I was recently forwarded an article from Internet Commerce magazine and the headline screamed: A Million B2B Sales Reps Will Lose Their Jobs To E-Commerce by 2020. The subhead was equally stark: Those most likely to lose their jobs take order for commodity products.
The author was citing a recent study, “Death of a (B2B) Salesman,” by Forrester Research which stated that one million B2B salespeople will lose their jobs to self-service e-commerce within the next five years. The study also notes that “while B2B buyers overwhelmingly prefer to research, and increasingly buy products and services via a self-service website, B2B sellers still force buyers to interact with their salespeople as part of the purchase process.”
The report details how and why B2B product and service providers will need to adjust models to a buying environment where “websites, not salespeople, are at the heart of how B2B companies buy and sell.”
Our industry is not immune to shifts in B2B buyer behavior and while slow to the dance, we are stepping up our game. Many of the fastest-growing distributor companies operate exclusively online (or are at least online-order enabled) and suppliers continue to invest in online marketing, sourcing, ordering and inventory management.
But what about the hundreds of thousands of salespeople who earn their living selling promotional products? This is an area that concerns me more. “Traditional” distributors will need to have an effective online presence to keep and attract an increasingly online B2B buyer.
According to Forrester, 75% of B2B buyers say buying online is more convenient than buying from a sales rep and 93% say they prefer buying online when they’ve already decided what to buy.
Forrester also notes that most of the loss will be among sales reps involved in basic order processing. Sales reps who offer higher-end services to buyers ordering complex products and systems will fare better. “Order takers are the ones in trouble. It all comes down to value in the ordering process—whether sales reps add value or not.”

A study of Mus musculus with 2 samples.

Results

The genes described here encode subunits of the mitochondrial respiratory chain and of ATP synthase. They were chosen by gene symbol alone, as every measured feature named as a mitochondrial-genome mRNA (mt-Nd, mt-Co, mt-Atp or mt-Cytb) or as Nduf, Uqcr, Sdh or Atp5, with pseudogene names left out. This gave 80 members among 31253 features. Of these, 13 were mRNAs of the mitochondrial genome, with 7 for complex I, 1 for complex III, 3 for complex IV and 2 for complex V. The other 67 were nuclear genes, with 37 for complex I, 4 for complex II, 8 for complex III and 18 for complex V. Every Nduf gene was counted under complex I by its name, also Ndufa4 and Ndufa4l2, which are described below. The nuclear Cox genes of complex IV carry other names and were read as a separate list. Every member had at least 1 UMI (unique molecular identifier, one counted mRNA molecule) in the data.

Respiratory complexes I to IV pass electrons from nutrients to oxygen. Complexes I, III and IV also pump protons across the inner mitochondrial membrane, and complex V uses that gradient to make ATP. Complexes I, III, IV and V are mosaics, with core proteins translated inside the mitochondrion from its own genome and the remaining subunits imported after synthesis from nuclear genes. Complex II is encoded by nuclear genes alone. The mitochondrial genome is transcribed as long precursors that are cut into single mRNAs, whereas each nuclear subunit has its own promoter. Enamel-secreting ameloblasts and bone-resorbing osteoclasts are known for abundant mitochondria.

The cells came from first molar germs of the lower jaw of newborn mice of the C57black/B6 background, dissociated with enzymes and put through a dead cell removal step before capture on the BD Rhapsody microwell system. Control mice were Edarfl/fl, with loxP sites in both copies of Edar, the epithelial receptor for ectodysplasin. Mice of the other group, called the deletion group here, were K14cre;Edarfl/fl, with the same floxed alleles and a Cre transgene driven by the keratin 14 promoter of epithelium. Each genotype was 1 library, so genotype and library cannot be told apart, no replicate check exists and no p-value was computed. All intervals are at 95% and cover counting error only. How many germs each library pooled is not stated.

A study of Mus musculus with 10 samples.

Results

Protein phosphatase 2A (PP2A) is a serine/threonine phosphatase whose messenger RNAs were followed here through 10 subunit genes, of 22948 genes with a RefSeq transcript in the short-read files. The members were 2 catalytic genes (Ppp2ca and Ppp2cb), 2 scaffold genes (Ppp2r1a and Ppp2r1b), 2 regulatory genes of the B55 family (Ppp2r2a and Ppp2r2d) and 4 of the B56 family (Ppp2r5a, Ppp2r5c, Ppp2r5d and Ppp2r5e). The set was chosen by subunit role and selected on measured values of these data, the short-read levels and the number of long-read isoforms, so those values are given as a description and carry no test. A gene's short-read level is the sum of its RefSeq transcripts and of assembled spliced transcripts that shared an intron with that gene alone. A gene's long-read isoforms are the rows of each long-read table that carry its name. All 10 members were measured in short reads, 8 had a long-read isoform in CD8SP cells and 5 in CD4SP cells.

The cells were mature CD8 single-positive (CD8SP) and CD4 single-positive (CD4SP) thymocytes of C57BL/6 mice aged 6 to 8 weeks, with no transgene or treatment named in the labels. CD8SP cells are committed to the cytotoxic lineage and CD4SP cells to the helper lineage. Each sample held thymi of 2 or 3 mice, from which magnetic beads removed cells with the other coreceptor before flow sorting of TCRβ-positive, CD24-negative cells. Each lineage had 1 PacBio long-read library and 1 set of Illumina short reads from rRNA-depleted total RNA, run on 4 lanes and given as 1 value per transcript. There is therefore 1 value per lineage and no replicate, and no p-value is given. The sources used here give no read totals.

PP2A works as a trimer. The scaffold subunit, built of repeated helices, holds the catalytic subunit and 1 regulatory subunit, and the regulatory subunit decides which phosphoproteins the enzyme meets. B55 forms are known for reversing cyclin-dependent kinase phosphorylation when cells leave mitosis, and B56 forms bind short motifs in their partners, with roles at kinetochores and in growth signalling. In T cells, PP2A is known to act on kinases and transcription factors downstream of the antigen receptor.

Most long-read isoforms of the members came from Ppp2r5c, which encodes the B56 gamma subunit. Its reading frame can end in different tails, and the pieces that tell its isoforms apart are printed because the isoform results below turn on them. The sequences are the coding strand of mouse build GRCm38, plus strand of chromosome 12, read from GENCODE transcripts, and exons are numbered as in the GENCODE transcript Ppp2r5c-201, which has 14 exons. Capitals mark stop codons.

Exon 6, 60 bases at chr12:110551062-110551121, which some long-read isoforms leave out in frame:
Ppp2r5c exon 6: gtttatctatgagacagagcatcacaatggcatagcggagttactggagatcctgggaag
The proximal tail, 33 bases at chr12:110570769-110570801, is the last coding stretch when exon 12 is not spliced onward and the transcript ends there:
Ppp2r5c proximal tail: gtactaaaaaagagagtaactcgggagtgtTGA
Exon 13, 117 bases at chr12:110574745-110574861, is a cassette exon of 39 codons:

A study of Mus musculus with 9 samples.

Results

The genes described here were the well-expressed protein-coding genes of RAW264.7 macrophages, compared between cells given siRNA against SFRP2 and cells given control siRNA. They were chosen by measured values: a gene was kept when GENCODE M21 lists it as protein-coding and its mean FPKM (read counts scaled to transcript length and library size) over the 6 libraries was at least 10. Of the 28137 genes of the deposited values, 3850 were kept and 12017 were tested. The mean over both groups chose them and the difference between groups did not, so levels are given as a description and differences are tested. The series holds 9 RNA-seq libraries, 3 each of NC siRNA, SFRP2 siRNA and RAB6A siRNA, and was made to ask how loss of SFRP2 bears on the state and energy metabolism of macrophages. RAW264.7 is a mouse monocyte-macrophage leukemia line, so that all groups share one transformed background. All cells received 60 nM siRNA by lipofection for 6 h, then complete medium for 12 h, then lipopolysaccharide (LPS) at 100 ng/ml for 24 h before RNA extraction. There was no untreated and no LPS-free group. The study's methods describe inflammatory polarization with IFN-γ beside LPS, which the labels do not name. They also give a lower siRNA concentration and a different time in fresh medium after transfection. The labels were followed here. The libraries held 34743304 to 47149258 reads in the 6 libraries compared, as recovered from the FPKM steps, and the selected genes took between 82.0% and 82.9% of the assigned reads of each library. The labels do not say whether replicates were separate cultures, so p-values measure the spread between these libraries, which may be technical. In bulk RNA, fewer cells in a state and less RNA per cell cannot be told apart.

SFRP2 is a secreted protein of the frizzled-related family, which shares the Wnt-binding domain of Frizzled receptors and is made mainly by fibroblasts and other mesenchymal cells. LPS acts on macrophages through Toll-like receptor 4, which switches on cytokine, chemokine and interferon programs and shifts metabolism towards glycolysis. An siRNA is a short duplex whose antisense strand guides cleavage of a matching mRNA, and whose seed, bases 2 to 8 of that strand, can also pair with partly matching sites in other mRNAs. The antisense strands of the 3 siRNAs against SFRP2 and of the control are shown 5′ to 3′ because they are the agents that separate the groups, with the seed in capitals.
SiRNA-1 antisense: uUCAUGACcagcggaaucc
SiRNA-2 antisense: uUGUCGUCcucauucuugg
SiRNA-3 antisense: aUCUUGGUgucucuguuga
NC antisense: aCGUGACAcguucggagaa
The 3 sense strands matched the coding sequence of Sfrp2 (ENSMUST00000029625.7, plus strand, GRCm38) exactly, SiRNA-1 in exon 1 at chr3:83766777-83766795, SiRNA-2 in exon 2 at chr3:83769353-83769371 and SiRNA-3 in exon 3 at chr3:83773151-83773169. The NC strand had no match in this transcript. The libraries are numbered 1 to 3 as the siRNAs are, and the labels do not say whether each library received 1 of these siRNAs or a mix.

Helping members master consultative sales and provide added value is a critical mission of PPAI. It is woven through education sessions, magazine articles, town halls and Association board meetings. It is the mantra of the national volunteer and regional association community. We’re making progress but there is work to be done.
The research tells us that there’s opportunity for our industry’s focused, informed and consultative sales professional. Forrester’s projected loss of jobs declines in an inverse correlation with the level of service a rep offers, with consultative reps offering the highest value—actually growing by 10%.
Think about that, there is an opportunity to increase the number and revenue of sales reps if they deliver value beyond the transaction.
Conversely, all past- and future-focused research tells us that order takers who add little value will be the most easily and quickly replaced by online ordering.
The fate of the traditional sales representative lies in our own hands. Work to shift the focus from price and product to providing service, consultation and solutions. Take advantage of the professional development offered at the national and regional level. Learn to be an expert in our advertising media rather than just a resource to procure products. And finally, recognize that our industry is not immune to the trends of the broader marketplaces.
Our future is in our own hands.
Paul Bellantone is the President and CEO of Promotional Products Association International (PPAI; ppai.org), the world's largest and oldest not-for-profit association serving more than 11,000 corporate members of the $19.8 billion promotional products industry. PPAI offers education, tradeshows, business products and services, mentoring, technology and legislative support to its members.